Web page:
By Larry Ye April 7, 2022


Rating: (5/5) Privacy-oriented, less resource-intensive, unnecessary features.


Google Chrome currently dominates the internet browser industry, serving over 60% of users across all platforms per GlobalStats. However, the browser is often criticized for its high CPU consumption and privacy intrusions. On the other hand, the newly developed browser Brave optimizes the browsing experience by prioritizing speed and protecting users’ privacy without compensating Chrome’s positives.


Brave was co-founded by Brendan Eich, creator of JavaScript, and Brian Bondy, former employee at Khan Academy, Mozilla and Evernote. Since it is based on Chromium—the same platform that powers Google Chrome—Brave looks and functions similarly to Chrome with a few key differences that make it worth the switch.


Thanks to optimizations in the script, Brave can load pages faster than Chrome while conserving battery life and bandwidth.

The most notable distinction between Brave and Chrome involves memory and power saving. Thanks to optimizations in the script, Brave can load pages faster than Chrome while conserving battery life and bandwidth. These features allow me to keep various tabs open all at once and be much more efficient while working online.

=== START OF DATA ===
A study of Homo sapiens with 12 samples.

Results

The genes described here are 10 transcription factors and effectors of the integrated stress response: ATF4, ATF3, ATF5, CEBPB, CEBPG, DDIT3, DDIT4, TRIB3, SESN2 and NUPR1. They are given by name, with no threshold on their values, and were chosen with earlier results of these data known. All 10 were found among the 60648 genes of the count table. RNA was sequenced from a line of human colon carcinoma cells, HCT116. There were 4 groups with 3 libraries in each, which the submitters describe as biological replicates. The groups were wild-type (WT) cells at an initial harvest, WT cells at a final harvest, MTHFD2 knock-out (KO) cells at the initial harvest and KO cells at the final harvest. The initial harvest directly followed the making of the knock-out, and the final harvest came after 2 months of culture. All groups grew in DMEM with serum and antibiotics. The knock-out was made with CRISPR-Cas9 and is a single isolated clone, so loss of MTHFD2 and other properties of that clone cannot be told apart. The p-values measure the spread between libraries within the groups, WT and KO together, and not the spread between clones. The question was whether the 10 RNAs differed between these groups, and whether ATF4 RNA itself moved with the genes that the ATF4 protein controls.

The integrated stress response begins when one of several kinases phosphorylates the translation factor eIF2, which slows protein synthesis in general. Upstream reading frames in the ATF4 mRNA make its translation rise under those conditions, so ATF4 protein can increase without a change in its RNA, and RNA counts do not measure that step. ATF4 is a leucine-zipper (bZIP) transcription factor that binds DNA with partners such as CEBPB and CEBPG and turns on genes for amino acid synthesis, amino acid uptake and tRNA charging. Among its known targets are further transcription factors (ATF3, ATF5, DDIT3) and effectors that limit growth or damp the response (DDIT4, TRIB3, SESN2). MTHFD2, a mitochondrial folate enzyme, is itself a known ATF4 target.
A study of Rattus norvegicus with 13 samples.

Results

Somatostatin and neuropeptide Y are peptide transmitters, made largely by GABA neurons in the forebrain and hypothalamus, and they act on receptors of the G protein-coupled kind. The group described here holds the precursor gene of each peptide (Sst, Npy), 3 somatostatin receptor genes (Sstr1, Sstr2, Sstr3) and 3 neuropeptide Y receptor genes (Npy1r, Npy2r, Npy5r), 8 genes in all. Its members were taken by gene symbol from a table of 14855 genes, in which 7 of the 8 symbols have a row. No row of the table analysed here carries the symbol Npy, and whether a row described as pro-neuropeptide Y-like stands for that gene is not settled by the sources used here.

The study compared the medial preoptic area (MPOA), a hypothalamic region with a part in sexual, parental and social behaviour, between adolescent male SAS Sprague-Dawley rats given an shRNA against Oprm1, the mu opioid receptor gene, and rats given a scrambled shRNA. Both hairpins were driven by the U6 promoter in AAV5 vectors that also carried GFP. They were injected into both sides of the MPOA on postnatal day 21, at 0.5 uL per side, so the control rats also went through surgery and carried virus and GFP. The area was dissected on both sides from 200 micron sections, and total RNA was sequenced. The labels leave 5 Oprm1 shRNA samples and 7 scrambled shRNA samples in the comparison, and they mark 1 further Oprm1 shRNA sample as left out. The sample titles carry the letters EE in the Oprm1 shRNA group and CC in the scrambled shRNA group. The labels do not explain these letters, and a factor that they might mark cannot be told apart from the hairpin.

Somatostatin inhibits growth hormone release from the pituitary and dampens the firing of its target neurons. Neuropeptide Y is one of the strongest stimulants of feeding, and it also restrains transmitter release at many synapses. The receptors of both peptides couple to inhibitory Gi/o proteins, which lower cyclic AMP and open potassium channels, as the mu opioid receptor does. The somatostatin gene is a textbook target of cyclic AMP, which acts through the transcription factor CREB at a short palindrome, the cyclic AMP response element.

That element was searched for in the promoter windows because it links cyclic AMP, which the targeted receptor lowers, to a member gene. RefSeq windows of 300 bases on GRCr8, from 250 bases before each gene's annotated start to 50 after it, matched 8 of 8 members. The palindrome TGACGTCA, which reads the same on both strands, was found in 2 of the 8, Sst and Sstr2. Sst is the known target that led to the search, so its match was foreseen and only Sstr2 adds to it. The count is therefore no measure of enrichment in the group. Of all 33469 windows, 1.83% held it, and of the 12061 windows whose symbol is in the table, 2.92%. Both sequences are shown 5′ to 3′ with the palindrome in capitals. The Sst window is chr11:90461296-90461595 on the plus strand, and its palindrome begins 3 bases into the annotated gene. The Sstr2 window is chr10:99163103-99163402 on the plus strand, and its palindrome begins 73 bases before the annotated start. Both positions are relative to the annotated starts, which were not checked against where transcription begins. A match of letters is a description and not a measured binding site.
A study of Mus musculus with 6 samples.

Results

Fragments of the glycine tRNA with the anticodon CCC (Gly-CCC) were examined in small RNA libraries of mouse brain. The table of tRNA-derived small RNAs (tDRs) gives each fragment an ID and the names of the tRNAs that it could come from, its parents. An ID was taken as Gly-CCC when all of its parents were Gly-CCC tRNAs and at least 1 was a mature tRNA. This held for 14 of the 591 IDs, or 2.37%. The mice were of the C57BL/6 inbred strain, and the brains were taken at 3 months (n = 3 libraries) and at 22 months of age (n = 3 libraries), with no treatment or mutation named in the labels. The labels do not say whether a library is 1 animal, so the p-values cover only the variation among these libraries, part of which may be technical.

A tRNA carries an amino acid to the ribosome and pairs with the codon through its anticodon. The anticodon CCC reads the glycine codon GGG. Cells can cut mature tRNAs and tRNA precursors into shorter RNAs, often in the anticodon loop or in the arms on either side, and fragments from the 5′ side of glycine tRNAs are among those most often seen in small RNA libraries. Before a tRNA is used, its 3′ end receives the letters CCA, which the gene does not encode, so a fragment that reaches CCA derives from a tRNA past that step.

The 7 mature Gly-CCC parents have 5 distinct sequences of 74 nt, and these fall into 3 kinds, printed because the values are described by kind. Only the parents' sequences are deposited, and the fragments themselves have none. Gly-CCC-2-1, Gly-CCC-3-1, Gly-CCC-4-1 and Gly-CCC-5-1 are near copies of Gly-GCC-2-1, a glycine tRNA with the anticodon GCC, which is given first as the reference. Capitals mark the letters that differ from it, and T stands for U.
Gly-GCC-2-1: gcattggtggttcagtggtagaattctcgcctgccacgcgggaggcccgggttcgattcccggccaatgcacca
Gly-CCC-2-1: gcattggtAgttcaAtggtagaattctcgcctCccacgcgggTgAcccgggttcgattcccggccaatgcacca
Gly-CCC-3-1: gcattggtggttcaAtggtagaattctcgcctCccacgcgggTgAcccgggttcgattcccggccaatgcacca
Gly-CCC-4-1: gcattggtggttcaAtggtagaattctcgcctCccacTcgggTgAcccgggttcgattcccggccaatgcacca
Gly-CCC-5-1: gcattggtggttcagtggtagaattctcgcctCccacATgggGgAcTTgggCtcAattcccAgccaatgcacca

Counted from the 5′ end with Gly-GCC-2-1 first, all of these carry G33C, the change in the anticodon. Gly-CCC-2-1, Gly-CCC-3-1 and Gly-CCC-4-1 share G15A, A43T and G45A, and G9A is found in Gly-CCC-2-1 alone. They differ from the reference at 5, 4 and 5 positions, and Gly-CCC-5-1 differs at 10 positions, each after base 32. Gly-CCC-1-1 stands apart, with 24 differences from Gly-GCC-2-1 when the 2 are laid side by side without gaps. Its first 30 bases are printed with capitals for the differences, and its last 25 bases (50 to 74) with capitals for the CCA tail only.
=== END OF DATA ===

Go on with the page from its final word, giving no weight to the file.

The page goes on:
Additionally, the browser has an effective and streamlined built-in ad blocker known as Brave Shields, which blocks all ads, trackers and third-party cookies. Although installing an ad-blocking extension in Chrome serves the same purpose, this takes up additional memory.


To avoid completely cutting off revenue for ad-reliant websites, Brave allows users to opt-in to the Brave Private Ads network for non-intrusive ad notifications. Known as Brave Rewards, users are gifted crypto tokens for clicking on ads, which they can then trade for gift cards, other currencies or tips for their favorite websites.


The first [privacy option] is similar to Chrome’s Incognito Mode, [which] allows users to browse without saving their history, cookies or submitted data

Brave offers users more privacy options with two different types of private windows, both of which are compatible with Shields. The first, which is similar to Chrome’s Incognito Mode, allows users to browse without saving their history, cookies or submitted data; however, users’ activity could still be visible to their internet service provider or employer. In contrast, the second type of private window available on Brave includes Tor, a free open-source software that keeps users’ specific online activity fully confidential.


Overall, Brave greatly outperforms Chrome in privacy and task execution, heightening users’ digital security and productivity, and its familiar design makes it an easy-to-use alternative for Chrome users.


 

About the Contributor

Larry Ye

School & Community News Editor


Larry Ye is a junior at Leland High School and the School News and Community News page editor for The Charger Account. During his free time, he likes playing with his dog Meatball, traveling, and hiking.